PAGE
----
Free Guy is more than just a fun commentary on video games.
Free Guy (2021) Review By Mark McPherson
Published on August 11, 2021
Rating 4 /5
Video games have always seemed like such an enigma to place on the big screen, be it a literal exploration of the games or attempting to rip the narrative from the console and slap it on the big screen. Free Guy, however, has a firmer grasp not only on the mechanics of video games but even the philosophy behind them. Part of this brilliance is due to the strong gamer and geeky love of co-writer Zak Penn who brings both an astute and emotionally resonant script for utilizing such a medium.
Ryan Reynolds plays Guy, a non-playable character in a video game that seems to resemble Grand Theft Auto. He occupies a city of simple residents who think little of the visitors in sunglasses who fly into town for missions of racing, robbery, and violent carnage. They’ve just become a part of daily life, where the news treats crime like whether for the day. It’s a content life for Guy. Sure, the bank he works at gets robbed every day but he’s in danger. Sure, he gets the same coffee every day but it’s the best coffee ever made.
It’s only once Guy becomes infatuated with one of the sunglasses players that he becomes curious enough to pursue finding some glasses for himself. After an accident, he manages to acquire some sunglasses and can see what all the players witness. He finds that the world is teeming with points, cash, med packs, and all sorts of colorful icons. He’d be horrified to realize his whole world was a video game if he even had the slightest clue what video games happen to be.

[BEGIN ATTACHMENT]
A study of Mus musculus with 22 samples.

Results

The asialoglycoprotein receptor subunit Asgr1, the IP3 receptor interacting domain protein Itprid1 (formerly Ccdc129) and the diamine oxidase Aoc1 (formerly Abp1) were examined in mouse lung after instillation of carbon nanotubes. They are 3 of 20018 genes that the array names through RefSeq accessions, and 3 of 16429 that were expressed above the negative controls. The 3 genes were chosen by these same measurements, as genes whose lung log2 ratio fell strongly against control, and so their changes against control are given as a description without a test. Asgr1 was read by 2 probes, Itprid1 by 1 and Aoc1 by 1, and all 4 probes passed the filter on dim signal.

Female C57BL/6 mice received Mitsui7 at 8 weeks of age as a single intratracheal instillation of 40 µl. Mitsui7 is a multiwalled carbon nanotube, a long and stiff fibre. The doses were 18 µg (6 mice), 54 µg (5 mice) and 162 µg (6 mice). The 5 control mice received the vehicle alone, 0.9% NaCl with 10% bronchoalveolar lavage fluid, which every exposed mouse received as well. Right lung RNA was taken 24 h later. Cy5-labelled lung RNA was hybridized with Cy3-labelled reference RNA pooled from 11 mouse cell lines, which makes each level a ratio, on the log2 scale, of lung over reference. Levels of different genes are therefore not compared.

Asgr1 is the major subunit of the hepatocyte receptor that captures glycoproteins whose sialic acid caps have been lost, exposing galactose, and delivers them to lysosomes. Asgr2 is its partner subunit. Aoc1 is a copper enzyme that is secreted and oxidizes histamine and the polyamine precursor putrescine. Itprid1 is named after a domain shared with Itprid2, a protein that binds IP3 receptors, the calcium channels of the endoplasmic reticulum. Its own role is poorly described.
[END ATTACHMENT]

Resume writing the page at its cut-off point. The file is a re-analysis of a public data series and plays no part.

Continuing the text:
How could such a miracle of a video game be possible? As it turns out, Guy isn’t an NPC at all. The only ones who know this is one of the game’s programmers, Walter “Keys” McKeys (Joe Keery), and his freelance partner Millie (Jodie Comer). Both had designed a game with revolutionary AI but it was bought up and shelved by an egotistical CEO played by Taika Waititi. What they didn’t count on was the CEO forcing some of that code into the game. This leads to Millie, working undercover within the game, trying to find a means of proving this theft to both save her game and maybe even the first sentient artificial intelligence.
There’s a lot of surprises within a film such as Free Guy. There’s existentialism to Guy’s journey of discovery of just who he is and the world he exists within, making him come down with a dreadful case of feeling insignificant. There’s a lot of astute gamer humor that is taken advantage of that never feels as though the film is trying too hard to be hip or out of its element. It’s also unique just how easily this picture turns into a genuine romance between programmers with an AI pretty much acting as a wingman in a fairly clever way.
The presentation is just wonderfully weird. I love how Guy’s world is one that is loaded with explosions, guns, and helicopters soaring around buildings and he treats it like everyday quirks of the city. The slapstick humor of the characters never-dying creates this oddly amusing angle to how the residents approach daily life. There’s also an extra dose of geeky special effects in a climax where we get to see a comically beefed-up Reynolds.
Free Guy is more than just a fun commentary on video games. It should be noted, however, that such a film has the guts to not only question gamer culture but also gaming corporate tactics. The fact that such a geeky gamer movie can touch upon elements of spirituality and romance without feeling like tacked-on traits is an excuse for Reynolds to occupy Grand Theft Auto.
Mark has been a professional film critic for over five years and a film lover all his life.